Thu, May 29, 2008 - Page 6 News List

US is no moral leader: Amnesty

CRITICAL The group said that it detected a shift in China's position and called on Beijing and Western countries to work together to break human rights deadlocks


The US is shirking its duty to provide the world with moral leadership, and China is letting its business interests trump human rights concerns in Myanmar and Sudan, a human rights group said yesterday.

Amnesty International’s annual report on the state of the world’s human rights accused the US of failing to provide a moral compass for its international peers, a long-standing complaint the London-based group has had against the North American superpower.

This year it criticized the US for supporting Pakistani President Pervez Musharraf when he imposed a state of emergency, clamped down on the media and sacked judges.

“As the world’s most powerful state, the USA sets the standard for government behavior globally,” the report said, complaining that the US “had distinguished itself in recent years through its defiance of international law.”

As in the past, the US detention center in Guantanamo Bay, Cuba, came in for criticism.

Irene Khan, Amnesty’s secretary-general, urged the new US president — due to be elected in November — to announce Guantanamo’s closure on Dec. 10, the 60th anniversary of the UN’s Universal Declaration of Human Rights.

The US State Department had no immediate comment on the report, but it has previously complained that the group uses the US as “a convenient ideological punching bag.”

China, an emerging power, came in for a few punches, too.

The report said China had continued shipping weapons to Sudan in defiance of a UN arms embargo and trading with countries accused of rights abuses such as Myanmar and Zimbabwe.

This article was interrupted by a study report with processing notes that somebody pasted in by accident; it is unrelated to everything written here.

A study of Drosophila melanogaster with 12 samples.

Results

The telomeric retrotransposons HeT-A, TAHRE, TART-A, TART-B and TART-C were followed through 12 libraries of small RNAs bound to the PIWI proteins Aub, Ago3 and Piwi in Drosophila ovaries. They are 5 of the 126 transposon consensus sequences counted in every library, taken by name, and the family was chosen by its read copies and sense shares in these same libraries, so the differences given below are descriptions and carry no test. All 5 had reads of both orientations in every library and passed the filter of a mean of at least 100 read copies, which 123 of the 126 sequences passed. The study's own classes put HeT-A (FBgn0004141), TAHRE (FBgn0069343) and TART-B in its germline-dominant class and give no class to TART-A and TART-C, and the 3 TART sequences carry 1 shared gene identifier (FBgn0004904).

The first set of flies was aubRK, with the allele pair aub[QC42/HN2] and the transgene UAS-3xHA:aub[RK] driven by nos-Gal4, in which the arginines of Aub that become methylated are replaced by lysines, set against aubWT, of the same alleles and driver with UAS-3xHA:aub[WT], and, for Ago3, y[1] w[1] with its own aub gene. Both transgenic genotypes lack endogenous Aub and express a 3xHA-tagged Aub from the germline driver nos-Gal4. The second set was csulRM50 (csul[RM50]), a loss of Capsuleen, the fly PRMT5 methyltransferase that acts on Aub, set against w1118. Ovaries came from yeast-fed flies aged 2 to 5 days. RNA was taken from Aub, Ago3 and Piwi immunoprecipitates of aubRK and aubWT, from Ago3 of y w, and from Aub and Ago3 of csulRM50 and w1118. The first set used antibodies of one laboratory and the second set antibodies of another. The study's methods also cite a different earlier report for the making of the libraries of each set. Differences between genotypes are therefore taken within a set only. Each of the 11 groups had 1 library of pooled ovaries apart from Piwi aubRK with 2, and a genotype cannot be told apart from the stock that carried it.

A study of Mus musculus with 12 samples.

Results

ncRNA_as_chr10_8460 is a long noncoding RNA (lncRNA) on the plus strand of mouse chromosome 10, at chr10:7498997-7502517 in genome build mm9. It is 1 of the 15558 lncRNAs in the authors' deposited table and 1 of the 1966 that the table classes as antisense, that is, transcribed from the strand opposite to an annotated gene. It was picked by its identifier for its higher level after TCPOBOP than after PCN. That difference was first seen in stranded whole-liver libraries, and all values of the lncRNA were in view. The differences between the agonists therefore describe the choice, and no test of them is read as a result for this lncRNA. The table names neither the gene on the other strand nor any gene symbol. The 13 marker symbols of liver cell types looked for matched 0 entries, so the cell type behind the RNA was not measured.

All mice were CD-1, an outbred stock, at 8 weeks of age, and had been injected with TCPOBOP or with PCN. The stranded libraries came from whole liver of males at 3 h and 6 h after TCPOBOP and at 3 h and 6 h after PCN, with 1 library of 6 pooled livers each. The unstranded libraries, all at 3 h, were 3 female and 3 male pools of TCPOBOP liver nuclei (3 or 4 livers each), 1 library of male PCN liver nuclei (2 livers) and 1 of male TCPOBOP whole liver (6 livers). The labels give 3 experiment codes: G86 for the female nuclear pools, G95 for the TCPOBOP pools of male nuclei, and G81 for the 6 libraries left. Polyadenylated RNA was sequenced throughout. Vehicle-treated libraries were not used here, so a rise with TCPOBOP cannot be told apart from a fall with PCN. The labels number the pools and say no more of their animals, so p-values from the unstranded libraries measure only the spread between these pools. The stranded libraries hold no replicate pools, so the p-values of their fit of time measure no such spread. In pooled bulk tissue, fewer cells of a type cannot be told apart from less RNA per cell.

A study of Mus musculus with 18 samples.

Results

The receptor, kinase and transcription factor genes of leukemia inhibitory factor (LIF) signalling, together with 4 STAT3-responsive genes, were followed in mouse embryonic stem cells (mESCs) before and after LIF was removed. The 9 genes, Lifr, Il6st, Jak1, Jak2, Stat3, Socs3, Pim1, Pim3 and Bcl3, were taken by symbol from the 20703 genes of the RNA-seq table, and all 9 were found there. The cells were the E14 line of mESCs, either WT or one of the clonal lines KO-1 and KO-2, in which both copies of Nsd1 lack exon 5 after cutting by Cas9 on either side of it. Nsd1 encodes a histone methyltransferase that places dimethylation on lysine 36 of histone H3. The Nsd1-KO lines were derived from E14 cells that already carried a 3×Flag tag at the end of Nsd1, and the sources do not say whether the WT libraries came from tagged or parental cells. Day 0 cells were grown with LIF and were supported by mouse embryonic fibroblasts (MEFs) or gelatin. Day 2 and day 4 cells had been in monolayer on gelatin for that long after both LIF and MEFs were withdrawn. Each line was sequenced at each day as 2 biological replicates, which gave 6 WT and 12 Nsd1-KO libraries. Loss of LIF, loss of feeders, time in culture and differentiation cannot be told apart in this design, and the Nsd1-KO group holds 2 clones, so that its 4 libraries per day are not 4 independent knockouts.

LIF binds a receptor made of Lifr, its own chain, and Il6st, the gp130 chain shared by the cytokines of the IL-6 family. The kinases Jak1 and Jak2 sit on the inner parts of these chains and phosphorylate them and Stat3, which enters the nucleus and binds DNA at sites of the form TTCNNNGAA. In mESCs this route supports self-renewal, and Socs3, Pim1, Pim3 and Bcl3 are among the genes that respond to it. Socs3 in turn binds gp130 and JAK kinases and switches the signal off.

It said that China’s suppressive media censorship remains in place and that the government continues to persecute human rights activists.

The report also accused China of expanding its “re-education through labor” program, which allows the government to arrest people and sentence them to manual labor without trial.

But Amnesty said it detected a shift in China’s position: Last year, the country persuaded the Sudanese government to allow UN peacekeepers into Darfur and pressured Myanmar to accept the visit of a UN special envoy.

Khan told The Associated Press that it was much easier to break human rights deadlocks when Western countries and China worked together.

“China has the leverage to work with certain governments,” she said ahead of the report’s launch.

But she added that China needed to use that leverage responsibly.

“China is clearly a global power ... With that comes global responsibility for human rights,” she said. “It needs to recognize that economic growth is not enough.”

A woman who answered the phone at the Foreign Ministry in Beijing said that the ministry would look into the report. She refused to comment further or to give her name or position.

China has rejected previous such reports. It says that its human rights record has improved in recent years.

Amnesty International’s annual checklist of human rights outrages showed that people are still tortured or ill-treated in at least 81 countries.

Men and women also face unfair trials in at least 54 countries and are denied free speech in at least 77, it said.

The report also highlighted an increase in mass demonstrations by people around the world to demand action against poverty.